SACRAMENTO, Calif. (AP) — Looming federal spending cuts are expected to dampen California's economic recovery at a time when a housing rebound and job growth are gaining traction, but come Friday the immediate effect may not prove to be the fiscal doomsday that President Barack Obama has predicted.
The White House estimates that in California, 64,000 civilian defense workers would be furloughed and 1,200 teaching and teacher aide jobs would be put at risk from the mandatory budget reductions known as the "sequester." Obama administration officials also said the state will see program cuts in children's vaccines, senior nutrition, student work-study jobs and assistance for victims of domestic violence.
While a bigger concern is what might happen in the long term, most of the effects will not be felt right away. Even if the $85 billion in across-the-board reductions happen nationally, the amount cut in California will be just a fraction of the state's $2 trillion gross domestic product, which according to 2012 estimates would be the world's eighth largest economy.
Federal furloughs won't start for a month due to notification requirements, giving negotiators some breathing room to work on a deal. And while Obama said there is no smart way to let the cuts kick in, members of Congress are considering taking action to give agencies flexibility over what to cut.
Meanwhile, some of the biggest drivers of federal spending such as Social Security and Medicaid are exempt from the automatic reductions.
"You always have to assume that nothing will happen for a month, and by then they may have resolved it," said Stephen Levy, director and senior economist at the Palo Alto-based Center for Continuing Study of the California Economy. "Who knows who's playing chicken?"
Most state economic forecasts already have accounted for some kind of federal budget cuts, meaning that California can expect tepid growth of about 2 percent for this year.
The biggest fear economists and state officials have is any long-term impacts on California's recovery.
"If sequestration results in a broader decline in consumer or business confidence or the stock market, the slowdown could be more pronounced," said Jason Sisney of the state's nonpartisan Legislative Analyst's Office.
Robert A. Kleinhenz, chief economist at the Los Angeles County Economic Development Corporation, said federal cuts eventually could put about 175,000 non-defense jobs in California at stake because of their duration — $1.2 trillion over 10 years.
He said the fallout from the political impasse is hard to quantify because it creates so much uncertainty for the private sector. Employers may not hire, or they could put off expansion plans. Employees, meanwhile, face lower wages and potential job losses.
The cuts come at a time when California's economy is recovering from the recession and is adding more jobs than any other state. Political leaders are hoping California's own budget remains balanced.
They will mean less funding for science and health research, which would slow innovation on clean energy technology and treatments for diseases. And just like everywhere else, air traffic and safety reductions could trigger longer wait times at security checkpoints, screening at customs and border crossings could take longer, and national parks could reduce operating hours.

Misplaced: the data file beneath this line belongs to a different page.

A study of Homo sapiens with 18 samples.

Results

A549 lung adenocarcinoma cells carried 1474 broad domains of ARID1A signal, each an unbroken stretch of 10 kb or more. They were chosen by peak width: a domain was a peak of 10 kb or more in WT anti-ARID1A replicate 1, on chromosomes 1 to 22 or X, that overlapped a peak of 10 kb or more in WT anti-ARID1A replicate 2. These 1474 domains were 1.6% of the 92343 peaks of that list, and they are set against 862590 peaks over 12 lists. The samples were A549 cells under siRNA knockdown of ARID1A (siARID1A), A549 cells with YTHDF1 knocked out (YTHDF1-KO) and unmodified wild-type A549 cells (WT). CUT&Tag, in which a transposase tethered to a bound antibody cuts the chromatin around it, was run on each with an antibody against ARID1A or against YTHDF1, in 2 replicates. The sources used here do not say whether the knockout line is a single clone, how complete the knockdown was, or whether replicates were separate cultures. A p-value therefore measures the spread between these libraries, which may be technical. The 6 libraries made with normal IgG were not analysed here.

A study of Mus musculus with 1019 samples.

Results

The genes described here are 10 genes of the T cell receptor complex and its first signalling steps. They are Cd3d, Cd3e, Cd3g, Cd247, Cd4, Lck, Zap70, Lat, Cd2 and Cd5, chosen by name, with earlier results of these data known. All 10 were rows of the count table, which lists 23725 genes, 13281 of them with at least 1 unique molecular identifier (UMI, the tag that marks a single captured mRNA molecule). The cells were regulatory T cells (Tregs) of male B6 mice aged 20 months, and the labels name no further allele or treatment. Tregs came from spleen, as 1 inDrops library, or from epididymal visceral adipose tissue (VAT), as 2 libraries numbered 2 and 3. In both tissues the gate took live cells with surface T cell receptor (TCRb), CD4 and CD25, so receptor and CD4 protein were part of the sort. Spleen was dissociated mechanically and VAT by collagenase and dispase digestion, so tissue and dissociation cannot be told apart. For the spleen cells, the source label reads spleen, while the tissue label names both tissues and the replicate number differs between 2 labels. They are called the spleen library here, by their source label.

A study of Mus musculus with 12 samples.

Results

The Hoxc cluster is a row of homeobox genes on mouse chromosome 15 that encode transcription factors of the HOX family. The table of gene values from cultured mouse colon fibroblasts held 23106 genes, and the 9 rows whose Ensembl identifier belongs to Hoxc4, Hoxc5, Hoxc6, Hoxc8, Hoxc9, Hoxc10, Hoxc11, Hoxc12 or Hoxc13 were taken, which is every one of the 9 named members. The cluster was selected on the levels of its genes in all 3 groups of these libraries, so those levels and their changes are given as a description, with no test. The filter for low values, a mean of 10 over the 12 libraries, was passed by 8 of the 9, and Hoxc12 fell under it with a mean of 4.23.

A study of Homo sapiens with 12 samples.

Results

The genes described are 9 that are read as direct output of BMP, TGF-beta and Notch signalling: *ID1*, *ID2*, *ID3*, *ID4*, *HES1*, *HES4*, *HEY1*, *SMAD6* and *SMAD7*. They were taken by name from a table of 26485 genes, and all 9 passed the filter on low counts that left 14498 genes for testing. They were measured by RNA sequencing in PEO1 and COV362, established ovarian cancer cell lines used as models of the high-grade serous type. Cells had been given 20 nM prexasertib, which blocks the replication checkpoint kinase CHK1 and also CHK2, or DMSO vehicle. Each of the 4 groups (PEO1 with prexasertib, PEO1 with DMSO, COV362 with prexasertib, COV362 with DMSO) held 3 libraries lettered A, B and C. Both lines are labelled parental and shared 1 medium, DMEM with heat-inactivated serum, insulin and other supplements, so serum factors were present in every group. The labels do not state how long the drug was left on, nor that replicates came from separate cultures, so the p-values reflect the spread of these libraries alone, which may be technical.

One notable cut is research funding, because many federal awards go to California's universities through training grants, fellowships, and research and development contracts.
The University of California system receives approximately $3.5 billion a year in federal funding, largely from the National Institutes of Health to research cancer, heart disease and a host of other ailments. Cuts from the National Science Foundation and other federal agencies also would affect clean energy, computing and other new technology.
"It's not like turning on and off a switch. If you start slowing down this kind of activity, it takes a while to bring it back up," said Gary Falle, a lobbyist for the UC system in Washington, D.C.
For college students, there also will be less student aid in the form of work-study jobs. The White House estimates that about 9,600 fewer low-income students would receive work-study jobs in California.
Between 350,000 and 400,000 Californians could be affected by a 10 percent reduction in extended unemployment benefits, said Loree Levy, a spokeswoman for the state Employment Development Department.
"These are the benefits that long-term unemployed individuals receive once they run out of regular state-provided benefits," she said.
Levy said it's not clear yet whether that will mean less money for the unemployed because the state has yet to receive guidance from the Labor Department.
While California's economy relies far less on the military than it did in the past, the military budget reductions would still be felt, especially in the communities around bases.
Military officials and defense contractors are advocating against cuts to Marine Corps bases in Miramar and Camp Pendleton, as well as naval bases in Coronado and San Diego. March Air Reserve Base near Riverside, the largest air reserve base in the country, could see training flight hours reduced by almost 20 percent and furloughs to civilian employees.
Some Republicans say cuts are necessary to bring the national debt under control, but they don't want to see a disproportionate cut on defense. The automatic spending cuts were designed to be equally split between defense and domestic discretionary spending.
"I think one of the things we do have to do is cut spending," state Assemblyman Jeff Gorell, R-Camarillo, said, adding that he saw "a tremendous amount of waste" during his time in the military.